The silent condition that happens before type 2 diabetes often flies under the radar. Here’s what you need to know to nip prediabetes in the bud.
Singaporeans eat well, so well that diabetes has become a real problem. About one in nine people in Singapore have Type 2 diabetes – that puts us at the number two spot, just behind the US for diabetes rates.
But before diabetes strikes, patients actually first go through this stage called “prediabetes” – this is when your blood sugar is higher than normal, but not high enough to be diagnosed as a diabetes patient. This can be a make-or-break period. Continue to overeat and stay sedentary and you are on the fast track to full-blown diabetes; but if you pull the brakes and start living healthy, your condition can be reversed.
To help you nip prediabetes in the bud, we speak with Dr Philip Koh, senior family physician from Healthway Medical Group to suss out the most important facts you need to know.
(Also read: 5 Things You Must Know About Diabetes)
1. There are quiet tell-tale signs
Prediabetes is hard to detect because the symptoms are mild or non-existent. People usually find out their condition through a health screening. But Dr Koh shares that some patients with prediabetes may find darkened skin on parts of the body, particularly in skin folds on the neck, armpits, elbows or behind the knees. This condition is rare and is known as acanthosis nigricans.
2. Prediabetes can start at any age
The condition isn’t just for the middle-aged. In fact, a US study found that 25 per cent of obese children aged four to 10 had prediabetes. You should go for annual health screening to check for diabetes if you are overweight or obese, and if you have other risk factors like family history. Singaporeans and permanent residents can get their checks at just $5 under the Health Promotion Board’s Screen for Life programme. For a start, you can try the Diabetes Risk Assessment online quiz.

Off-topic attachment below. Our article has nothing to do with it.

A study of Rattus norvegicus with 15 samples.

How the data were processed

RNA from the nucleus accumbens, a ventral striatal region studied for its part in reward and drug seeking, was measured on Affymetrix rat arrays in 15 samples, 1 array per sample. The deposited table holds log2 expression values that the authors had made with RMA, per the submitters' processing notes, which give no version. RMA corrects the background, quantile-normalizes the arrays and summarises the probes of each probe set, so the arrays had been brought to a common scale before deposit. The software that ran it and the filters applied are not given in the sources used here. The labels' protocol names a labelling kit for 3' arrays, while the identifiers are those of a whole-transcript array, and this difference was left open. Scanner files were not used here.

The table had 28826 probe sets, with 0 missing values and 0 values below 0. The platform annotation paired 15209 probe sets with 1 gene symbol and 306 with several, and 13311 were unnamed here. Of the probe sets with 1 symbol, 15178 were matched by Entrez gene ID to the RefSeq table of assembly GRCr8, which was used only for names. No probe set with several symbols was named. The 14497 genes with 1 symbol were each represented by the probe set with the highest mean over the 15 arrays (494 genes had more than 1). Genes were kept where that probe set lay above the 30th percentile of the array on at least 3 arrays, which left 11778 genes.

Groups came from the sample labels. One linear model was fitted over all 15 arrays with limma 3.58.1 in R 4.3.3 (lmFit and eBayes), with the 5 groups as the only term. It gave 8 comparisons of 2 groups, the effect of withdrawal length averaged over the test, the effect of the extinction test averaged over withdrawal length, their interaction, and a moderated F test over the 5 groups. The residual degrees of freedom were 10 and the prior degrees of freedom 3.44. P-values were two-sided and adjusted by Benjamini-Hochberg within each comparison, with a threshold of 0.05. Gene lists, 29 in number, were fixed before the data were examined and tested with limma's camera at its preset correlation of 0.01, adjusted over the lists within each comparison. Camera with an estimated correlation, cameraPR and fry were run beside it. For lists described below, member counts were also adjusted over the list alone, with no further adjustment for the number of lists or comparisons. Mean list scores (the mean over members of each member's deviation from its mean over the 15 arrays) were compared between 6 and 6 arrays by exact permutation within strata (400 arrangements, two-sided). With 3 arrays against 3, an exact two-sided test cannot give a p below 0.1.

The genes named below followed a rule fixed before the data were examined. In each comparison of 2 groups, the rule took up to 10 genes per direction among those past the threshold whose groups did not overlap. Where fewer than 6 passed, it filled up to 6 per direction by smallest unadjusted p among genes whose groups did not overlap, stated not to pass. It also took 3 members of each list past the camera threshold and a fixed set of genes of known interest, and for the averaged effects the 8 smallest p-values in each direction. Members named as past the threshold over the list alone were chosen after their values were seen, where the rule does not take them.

3. Lifestyle tweaks make a huge difference
The Diabetes Prevention Programme, a three-year study done in the US found that by making changes to diet, exercise and lifestyle habits alone, the study participants reduced their risk of Type 2 diabetes by 58 per cent.
“I remember a patient who, through proper diet and regular exercises, lost 20kg from his original 90kg weight and had his prediabetes reversed,” adds Dr Koh.
(Also read: 7 Healthy Habits That Reduce The Risk Of Diabetes)
4. You have to cover all your bases
To prevent prediabetes from turning into diabetes, you need to make changes in more areas than one. For a start, choose low-fat, high-fibre foods like fruits, veggies and whole grains, and choose low glycaemic index (GI) items like wholemeal bread and brown rice over refined carbs. And aim for 30 to 60 minutes of exercise five times a week.
If you’re overweight, losing just five to 10 per cent of your body weight can help reduce your risk of developing Type 2 diabetes, says Dr Koh. On top of getting a healthier heart, you will feel more energetic and confident with a leaner body.
While at it, get on a plan to quit smoking. And if you are a high-risk patient, your doctor may recommend metformin or other medications to control your cholesterol and high blood pressure.